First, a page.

Ingenuity Board Member Kimberly Dowdell’s award-winning architecture career began with a middle school art project.

Dowdell’s teacher gave every student a shoe box and charged each of them with making their own apartment. Empowered with carpet samples and blocks, 11-year-old Dowdell began to create a space in which she could imagine herself living.

“That was really my first time understanding that we have the power to move things around and shape the way that we live our lives,” Dowdell said. “That was also the first time that I had really heard the term architect, helping me to realize that architects basically shape space.”

Dowdell called this experience an epiphany moment. The project got her thinking about how she could shape the buildings in her hometown of Detroit. She decided then to become an architect to help revitalize downtown Detroit and address the inequities that were built into her city.

Flashforward 25 years, and Dowdell is now driving the charge for equity in architecture as a principal and leader at global design firm, HOK, and through her recent term as the first millennial president of the National Organization of Minority Architects. In 2020, she was selected as a Crain’s Chicago “40 Under 40” honoree for her efforts to solve social issues through architecture, and she received the AIA Young Architects Award for her leadership and contributions in creating a more diverse, equitable, and inclusive industry for women and architects of color.

As a Board member at Ingenuity, Dowdell is working to ensure that the next generation of creators have the same formative arts experiences that she received.

“Everyone has potential, and the arts help to tap into untapped potential,” she said. “Exploring different mediums of art allows students to really identify what resonates with them, understand their thought processes, and discover how they optimally create. Those are the kinds of questions that you really start to answer for yourself through the exploration of the arts.”


KimBERLY’s Advice for Emerging POC Leaders

During our interview, Kimberly laid out four pieces of advice for young people of color who are working in predominantly white organizations. These have been edited for clarity.

You belong. It’s important for everyone in spaces that don’t necessarily reflect their identities to feel some level of confidence and security in the fact that they belong there. You’re not there because of a hand out or because someone’s doing you a favor. People need to firmly understand and believe that they belong. I feel like that’s the baseline.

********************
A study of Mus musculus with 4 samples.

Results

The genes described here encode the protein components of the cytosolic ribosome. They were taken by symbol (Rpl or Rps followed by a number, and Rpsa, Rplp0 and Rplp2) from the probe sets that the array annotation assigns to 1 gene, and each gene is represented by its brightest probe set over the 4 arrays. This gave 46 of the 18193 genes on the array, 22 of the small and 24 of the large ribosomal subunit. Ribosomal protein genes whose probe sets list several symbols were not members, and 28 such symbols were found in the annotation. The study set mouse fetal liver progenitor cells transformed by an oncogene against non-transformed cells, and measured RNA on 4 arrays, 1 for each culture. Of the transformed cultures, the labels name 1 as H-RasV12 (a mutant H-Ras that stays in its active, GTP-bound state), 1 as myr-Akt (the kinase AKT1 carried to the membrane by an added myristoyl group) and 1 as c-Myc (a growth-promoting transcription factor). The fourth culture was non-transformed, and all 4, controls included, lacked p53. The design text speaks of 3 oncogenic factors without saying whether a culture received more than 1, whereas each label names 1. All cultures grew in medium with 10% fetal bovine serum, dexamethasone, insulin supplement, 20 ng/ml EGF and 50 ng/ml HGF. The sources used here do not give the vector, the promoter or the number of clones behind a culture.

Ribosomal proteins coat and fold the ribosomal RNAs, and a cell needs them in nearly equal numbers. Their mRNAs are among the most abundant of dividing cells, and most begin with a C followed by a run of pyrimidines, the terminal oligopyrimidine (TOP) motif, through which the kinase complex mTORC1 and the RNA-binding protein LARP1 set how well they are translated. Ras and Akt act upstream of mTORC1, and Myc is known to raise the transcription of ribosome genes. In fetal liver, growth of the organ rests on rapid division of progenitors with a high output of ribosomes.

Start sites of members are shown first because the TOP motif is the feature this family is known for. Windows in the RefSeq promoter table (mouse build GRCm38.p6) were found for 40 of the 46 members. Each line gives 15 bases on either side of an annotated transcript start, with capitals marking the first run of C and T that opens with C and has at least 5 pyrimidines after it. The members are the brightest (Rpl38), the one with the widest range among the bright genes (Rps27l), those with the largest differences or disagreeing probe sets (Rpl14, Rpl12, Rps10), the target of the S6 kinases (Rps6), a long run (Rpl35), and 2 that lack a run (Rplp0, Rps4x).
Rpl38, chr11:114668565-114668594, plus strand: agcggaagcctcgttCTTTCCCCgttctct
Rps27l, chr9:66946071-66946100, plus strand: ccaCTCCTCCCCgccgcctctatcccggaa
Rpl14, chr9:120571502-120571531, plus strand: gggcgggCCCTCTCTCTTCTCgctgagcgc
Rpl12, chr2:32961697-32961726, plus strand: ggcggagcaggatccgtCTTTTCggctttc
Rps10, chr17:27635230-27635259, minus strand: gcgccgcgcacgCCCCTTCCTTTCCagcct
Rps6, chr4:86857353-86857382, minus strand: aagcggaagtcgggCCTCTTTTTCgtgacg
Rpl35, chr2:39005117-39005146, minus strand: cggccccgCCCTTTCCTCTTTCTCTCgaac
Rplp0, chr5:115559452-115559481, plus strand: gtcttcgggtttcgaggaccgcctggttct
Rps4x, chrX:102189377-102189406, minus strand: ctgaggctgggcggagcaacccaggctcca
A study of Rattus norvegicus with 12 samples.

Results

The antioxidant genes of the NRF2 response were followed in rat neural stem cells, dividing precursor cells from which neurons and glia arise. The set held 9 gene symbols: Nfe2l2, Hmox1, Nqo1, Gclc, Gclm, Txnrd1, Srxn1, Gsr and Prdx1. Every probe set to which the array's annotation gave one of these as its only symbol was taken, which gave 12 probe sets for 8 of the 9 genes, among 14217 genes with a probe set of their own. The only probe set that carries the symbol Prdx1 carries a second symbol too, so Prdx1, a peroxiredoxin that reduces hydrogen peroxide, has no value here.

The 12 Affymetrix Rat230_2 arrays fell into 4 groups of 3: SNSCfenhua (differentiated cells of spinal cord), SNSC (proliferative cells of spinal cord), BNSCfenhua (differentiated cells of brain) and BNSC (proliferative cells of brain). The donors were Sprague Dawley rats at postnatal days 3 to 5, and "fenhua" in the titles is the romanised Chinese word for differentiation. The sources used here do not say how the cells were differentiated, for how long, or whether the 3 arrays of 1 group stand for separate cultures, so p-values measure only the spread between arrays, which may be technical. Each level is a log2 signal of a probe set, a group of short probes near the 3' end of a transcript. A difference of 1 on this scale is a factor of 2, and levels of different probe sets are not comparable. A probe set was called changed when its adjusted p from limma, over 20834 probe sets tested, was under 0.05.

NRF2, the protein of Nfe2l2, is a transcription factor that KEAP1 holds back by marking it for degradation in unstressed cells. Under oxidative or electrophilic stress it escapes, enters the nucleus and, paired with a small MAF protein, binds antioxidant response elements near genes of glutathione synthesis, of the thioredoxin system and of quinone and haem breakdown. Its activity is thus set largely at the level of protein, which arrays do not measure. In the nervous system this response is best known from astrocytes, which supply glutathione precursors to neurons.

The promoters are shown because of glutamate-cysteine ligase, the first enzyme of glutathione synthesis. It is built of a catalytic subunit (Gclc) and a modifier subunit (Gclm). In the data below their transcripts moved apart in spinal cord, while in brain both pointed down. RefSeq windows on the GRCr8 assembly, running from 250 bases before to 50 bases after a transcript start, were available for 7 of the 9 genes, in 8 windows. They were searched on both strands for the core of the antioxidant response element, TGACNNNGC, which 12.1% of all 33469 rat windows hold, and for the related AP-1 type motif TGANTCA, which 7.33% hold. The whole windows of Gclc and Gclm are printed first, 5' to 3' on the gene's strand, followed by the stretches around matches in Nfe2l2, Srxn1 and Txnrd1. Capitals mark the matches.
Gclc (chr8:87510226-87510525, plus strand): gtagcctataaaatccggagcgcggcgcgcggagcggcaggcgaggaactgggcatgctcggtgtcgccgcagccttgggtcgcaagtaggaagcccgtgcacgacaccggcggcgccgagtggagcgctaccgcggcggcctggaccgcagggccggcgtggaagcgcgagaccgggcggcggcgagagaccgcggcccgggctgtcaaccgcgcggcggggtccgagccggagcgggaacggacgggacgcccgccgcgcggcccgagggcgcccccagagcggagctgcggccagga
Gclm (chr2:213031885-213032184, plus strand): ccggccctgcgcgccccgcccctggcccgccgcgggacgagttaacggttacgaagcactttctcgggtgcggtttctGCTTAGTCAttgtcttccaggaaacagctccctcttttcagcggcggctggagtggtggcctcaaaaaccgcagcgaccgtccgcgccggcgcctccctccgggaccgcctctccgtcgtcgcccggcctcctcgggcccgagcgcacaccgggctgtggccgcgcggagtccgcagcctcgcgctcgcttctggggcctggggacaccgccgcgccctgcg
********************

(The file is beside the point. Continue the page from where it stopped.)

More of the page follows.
Be yourself. Bring your full self to the work, and if the organization or company doesn’t appreciate that, then that’s a problem. That’s not your problem, it’s their problem. There will always be spaces where your full self is not welcome, and there will always be spaces — better spaces — where you’re encouraged to be your full self. Don’t be afraid to be who you are. That’s the most sustainable way to exist in the world. If you build too much of a facade that is inauthentic, people will start to see through it or you’ll probably start to buckle under the pressure of that extra weight. That’s not healthy or productive.

Don’t be afraid to speak up. Be brave. I used to live in New York, and they had these signs on the subway that said, “If you see something, say something.”  I would borrow from that: If you see something that doesn’t make sense, or something you want to celebrate, say something. If you see something that is inappropriate, also say something. It’s really situation-specific depending on the nature of the incident, but I think it’s important to make sure people know when they are out of line or say something inappropriate because maybe they just don’t understand. Or if they do understand it’s wrong, then that’s a whole other issue and you might have to get HR involved. But the point is, if you see something, say something.

Remember that we’re all human. It’s important to really see everyone’s humanity and see things from different peoples’ perspectives — or try to at least. If you don’t understand someone or someone’s actions, take a step back and try to think about the situation from their perspective. Don’t always jump to the worst conclusions. Certainly there are people out there who don’t always do or say the right things, but giving people the benefit of the doubt to some extent and seeing people as the humans that they are — not necessarily the exterior packaging that we all show up as — is a good way to help navigate spaces that are not super reflective of your own cultural identity.